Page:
914 WHEEL & HUB SPECS
• Bolt Pattern: 4x130
• Offset Range: +35mm to +40mm
• Center Bore: 80.9mm
• Lug Type: Bolt
• Lug Thread Pitch: 14mm x 1.5mm ( 17mm L )
914 TIRE SIZE OPTIONS
15 Inch Wheel
• Stock Height: 165/80-R15
• Lowered: 195/50-R15
• Lowered Staggered F/ 195/50-R15 R/ 205/60-R15
17 Inch Wheel
• Stock Height: 205/50-R17
• Lowered: 205/40-R17
• Lowered Staggered: F/ 205/40-R17 R/ 215/45-R17
The Porsche 914 or VW-Porsche 914 is a mid-engined sports car designed, manufactured and marketed collaboratively by Volkswagen and Porsche from 1969 to 1976. It was only available as a targa-topped two-seat roadster powered by either a flat-4 or flat-6 engine.
By the late 1960s, both Volkswagen and Porsche were in need of new models; Porsche was looking for a replacement for their entry-level 912, and Volkswagen wanted a new range-topping sports coupé to replace the Volkswagen Type 34 Karmann Ghia coupé. At the time the majority of Volkswagen's development work was handled by Porsche as part of an agreement that dated back to Porsche's founding. Volkswagen needed to contract out one last project to Porsche to fulfill the contract, and decided to make the 914 that project. Ferdinand Piëch, who was in charge of research and development at Porsche, was put in charge of the 914 project.
In 1966 and 1967, German company Gugelot Design GmbH began showing a proposed design for a sports coupe built with technology developed in partnership with Bayer to several major car builders, including Volkswagen and Porsche. Some sources have suggested that the Gugelot proposal, suitably adapted, was the origin of the design of the 914. The rationale is that an outside design would be able to please both Volkswagen and Porsche without appearing too similar to either of the partners' existing products. Later sources have rejected this idea. While acknowledging that Porsche was aware of the Gugelot design, they assert that the 914 design was done in-house at Porsche, and is primarily the work of body engineer Heinrich Klie.
Originally intending to sell the vehicle with a flat four-cylinder engine as a Volkswagen and with a flat six-cylinder engine as a Porsche, Porsche decided during development that having Volkswagen and Porsche models sharing the same body would be risky for business in the American market, and convinced Volkswagen to allow them to sell both versions as Porsches in North America.
On March 1, 1968, the first 914 prototype was presented. However, development became complicated after the death of Volkswagen's chairman, Heinrich Nordhoff, on April 12, 1968. His successor, Kurt Lotz, was not connected with the Porsche dynasty and the verbal agreement between Volkswagen and Porsche fell apart.
In Lotz's opinion, Volkswagen had all rights to the model, and no incentive to share it with Porsche if they would not share in tooling expenses. With this decision, the price and marketing concept for the 914 had failed before series production had begun. As a result, the price of the chassis went up considerably, and the 914/6 ended up costing only a bit less than the 911T, Porsche's next lowest priced car.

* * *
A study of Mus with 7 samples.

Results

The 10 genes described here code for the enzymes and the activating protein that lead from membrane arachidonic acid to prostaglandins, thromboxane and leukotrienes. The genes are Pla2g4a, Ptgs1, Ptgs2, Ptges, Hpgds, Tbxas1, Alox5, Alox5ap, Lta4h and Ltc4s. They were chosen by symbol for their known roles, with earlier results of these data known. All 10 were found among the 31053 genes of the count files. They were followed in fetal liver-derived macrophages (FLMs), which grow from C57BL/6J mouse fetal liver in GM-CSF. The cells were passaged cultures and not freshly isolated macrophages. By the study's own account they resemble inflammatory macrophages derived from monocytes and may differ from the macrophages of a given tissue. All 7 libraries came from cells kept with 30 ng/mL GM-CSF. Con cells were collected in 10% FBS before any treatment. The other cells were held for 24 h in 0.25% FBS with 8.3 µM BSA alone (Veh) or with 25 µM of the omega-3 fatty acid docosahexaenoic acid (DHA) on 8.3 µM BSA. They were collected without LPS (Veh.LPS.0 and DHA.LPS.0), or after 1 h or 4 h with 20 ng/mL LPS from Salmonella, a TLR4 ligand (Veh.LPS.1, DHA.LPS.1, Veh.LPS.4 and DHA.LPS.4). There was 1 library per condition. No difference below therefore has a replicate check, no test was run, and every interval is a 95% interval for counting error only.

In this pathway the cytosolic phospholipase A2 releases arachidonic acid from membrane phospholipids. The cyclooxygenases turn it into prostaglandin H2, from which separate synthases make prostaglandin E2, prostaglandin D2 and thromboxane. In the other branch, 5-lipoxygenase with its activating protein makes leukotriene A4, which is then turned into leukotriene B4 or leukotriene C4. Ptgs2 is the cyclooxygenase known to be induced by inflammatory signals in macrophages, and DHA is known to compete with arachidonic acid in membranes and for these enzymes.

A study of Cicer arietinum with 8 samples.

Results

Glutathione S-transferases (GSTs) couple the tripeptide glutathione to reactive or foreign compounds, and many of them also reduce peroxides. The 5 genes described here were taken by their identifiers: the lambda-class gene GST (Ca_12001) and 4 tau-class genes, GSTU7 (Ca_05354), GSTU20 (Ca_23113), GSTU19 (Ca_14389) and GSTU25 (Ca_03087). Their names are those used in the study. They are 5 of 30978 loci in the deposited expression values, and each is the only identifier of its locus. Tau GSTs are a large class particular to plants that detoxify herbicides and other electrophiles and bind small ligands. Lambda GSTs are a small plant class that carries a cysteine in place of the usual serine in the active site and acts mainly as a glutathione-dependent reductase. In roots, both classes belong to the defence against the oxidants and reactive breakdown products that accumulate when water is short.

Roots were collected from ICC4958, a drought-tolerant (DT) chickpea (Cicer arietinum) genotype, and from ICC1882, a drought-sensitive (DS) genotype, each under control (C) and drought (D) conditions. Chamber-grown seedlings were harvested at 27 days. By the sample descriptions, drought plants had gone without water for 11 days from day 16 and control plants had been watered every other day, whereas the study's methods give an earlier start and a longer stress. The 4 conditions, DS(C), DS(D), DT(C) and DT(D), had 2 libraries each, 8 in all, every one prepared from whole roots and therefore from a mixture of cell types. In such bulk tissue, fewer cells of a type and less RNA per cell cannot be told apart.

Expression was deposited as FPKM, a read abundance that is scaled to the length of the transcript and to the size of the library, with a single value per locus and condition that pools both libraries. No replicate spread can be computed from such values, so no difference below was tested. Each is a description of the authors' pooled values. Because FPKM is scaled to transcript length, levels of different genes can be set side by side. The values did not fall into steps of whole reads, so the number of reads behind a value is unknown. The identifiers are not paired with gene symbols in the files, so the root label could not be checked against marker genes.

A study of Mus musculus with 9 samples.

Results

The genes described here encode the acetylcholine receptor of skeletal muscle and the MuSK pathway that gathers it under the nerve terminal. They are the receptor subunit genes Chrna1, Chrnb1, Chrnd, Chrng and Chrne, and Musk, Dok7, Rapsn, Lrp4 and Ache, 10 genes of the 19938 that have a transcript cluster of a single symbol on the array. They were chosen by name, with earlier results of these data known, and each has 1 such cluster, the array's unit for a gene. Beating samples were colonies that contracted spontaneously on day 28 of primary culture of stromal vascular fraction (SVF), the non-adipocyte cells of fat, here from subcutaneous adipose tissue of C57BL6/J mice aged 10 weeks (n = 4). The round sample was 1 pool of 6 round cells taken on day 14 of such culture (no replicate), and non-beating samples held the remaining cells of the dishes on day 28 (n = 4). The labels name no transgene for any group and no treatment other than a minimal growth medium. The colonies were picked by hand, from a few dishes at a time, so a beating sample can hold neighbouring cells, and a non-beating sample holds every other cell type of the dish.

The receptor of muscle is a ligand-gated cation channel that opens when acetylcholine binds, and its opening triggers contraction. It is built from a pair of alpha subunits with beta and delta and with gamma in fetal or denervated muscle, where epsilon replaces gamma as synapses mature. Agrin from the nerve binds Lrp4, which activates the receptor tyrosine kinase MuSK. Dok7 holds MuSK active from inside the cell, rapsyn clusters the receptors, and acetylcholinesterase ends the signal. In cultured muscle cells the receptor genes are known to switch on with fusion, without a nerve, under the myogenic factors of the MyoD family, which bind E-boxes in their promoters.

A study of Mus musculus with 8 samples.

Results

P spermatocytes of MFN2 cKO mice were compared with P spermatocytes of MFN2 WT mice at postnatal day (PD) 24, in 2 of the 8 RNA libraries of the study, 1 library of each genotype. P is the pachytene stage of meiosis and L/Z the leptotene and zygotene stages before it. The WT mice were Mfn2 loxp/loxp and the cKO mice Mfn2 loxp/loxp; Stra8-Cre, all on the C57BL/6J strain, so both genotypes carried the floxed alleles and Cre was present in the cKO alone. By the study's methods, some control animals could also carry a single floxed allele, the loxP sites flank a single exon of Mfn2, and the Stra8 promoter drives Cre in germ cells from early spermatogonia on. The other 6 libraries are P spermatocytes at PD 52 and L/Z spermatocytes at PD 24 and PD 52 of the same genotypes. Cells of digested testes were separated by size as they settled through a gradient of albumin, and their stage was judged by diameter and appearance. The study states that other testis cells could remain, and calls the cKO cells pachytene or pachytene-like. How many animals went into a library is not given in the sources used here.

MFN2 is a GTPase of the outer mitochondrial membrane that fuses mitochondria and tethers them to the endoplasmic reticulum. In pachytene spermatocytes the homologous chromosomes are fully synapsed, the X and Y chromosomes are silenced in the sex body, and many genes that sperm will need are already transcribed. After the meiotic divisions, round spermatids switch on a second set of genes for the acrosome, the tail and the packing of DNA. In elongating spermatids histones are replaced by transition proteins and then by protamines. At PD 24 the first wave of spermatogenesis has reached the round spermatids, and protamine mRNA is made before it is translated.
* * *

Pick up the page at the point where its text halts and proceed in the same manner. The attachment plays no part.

The 914 was Motor Trend's Import Car of the Year for 1970.
Slow sales and rising costs prompted Porsche to discontinue the 914/6 variant in 1972 after producing 3,351 of them.
Production of the 914 ended in 1976. The 2.0 L flat-4 engine continued to be used in the 912E, introduced that year as an entry-level model until the front-engined four-cylinder 924 was introduced the following model year.
The 914/4 became Porsche's top seller during its model run, outselling the Porsche 911 by a wide margin with over 118,000 units sold worldwide.
Volkswagen versions originally featured the fuel-injected 1.7 L VW Type 4 flat-four engine producing 80 bhp (60 kW; 81 PS).
Porsche's 914/6 variant featured the 2.0 L air-cooled Type 901/3 flat-six engine from the 1967–1969 911T model. This was the least powerful flat-six in Porsche's lineup. This engine had revised pistons that reduced the compression ratio to 8.6:1.: 448–449 The cylinder barrels were entirely made of iron, in contrast to the iron and aluminum "Biral" barrels in the engines in the 911S and 911L. New camshafts had less lift, and relaxed timing characteristics. The venturis in the Weber 40IDT3C carburetors were 27 mm (1.1 in), smaller than the other 911 engines, and the exhaust pipe diameter was also reduced in size. Power output was 110 bhp (82 kW; 112 PS). When the 911T got a 2.2 L engine in 1970, the engine in the 914/6 remained at 2.0 L.: 561
All engines were placed amidships in front of a version of the 1969 911's "901" gearbox configured for a mid-engined sports car. Karmann manufactured the rolling chassis at their plant, completing Volkswagen production in-house or delivering versions to Porsche for their final assembly.
The 914/6 models came with lower gear ratios and larger brakes to compensate for the greater weight and higher power output of the six-cylinder model. They also featured five lug wheels and an ignition on the left side of the steering wheel. Suspension and handling were otherwise mostly the same. A Volkswagen-Porsche joint venture, Volkswagen of America, handled export to the U.S., where both versions were badged and sold as Porsches. The four-cylinder cars were sold as Volkswagen-Porsches at European Volkswagen dealerships.
For 1973 the discontinued 914/6 was replaced in the lineup by a variant powered by a new 100 bhp (75 kW; 101 PS) 2.0 L, fuel-injected version of Volkswagen's Type 4 engine.
For 1974, the 1.7 L engine was replaced by an 85 bhp (63 kW; 86 PS) 1.8 L, and the new Bosch L-Jetronic fuel injection system was added to American units to help with emissions control.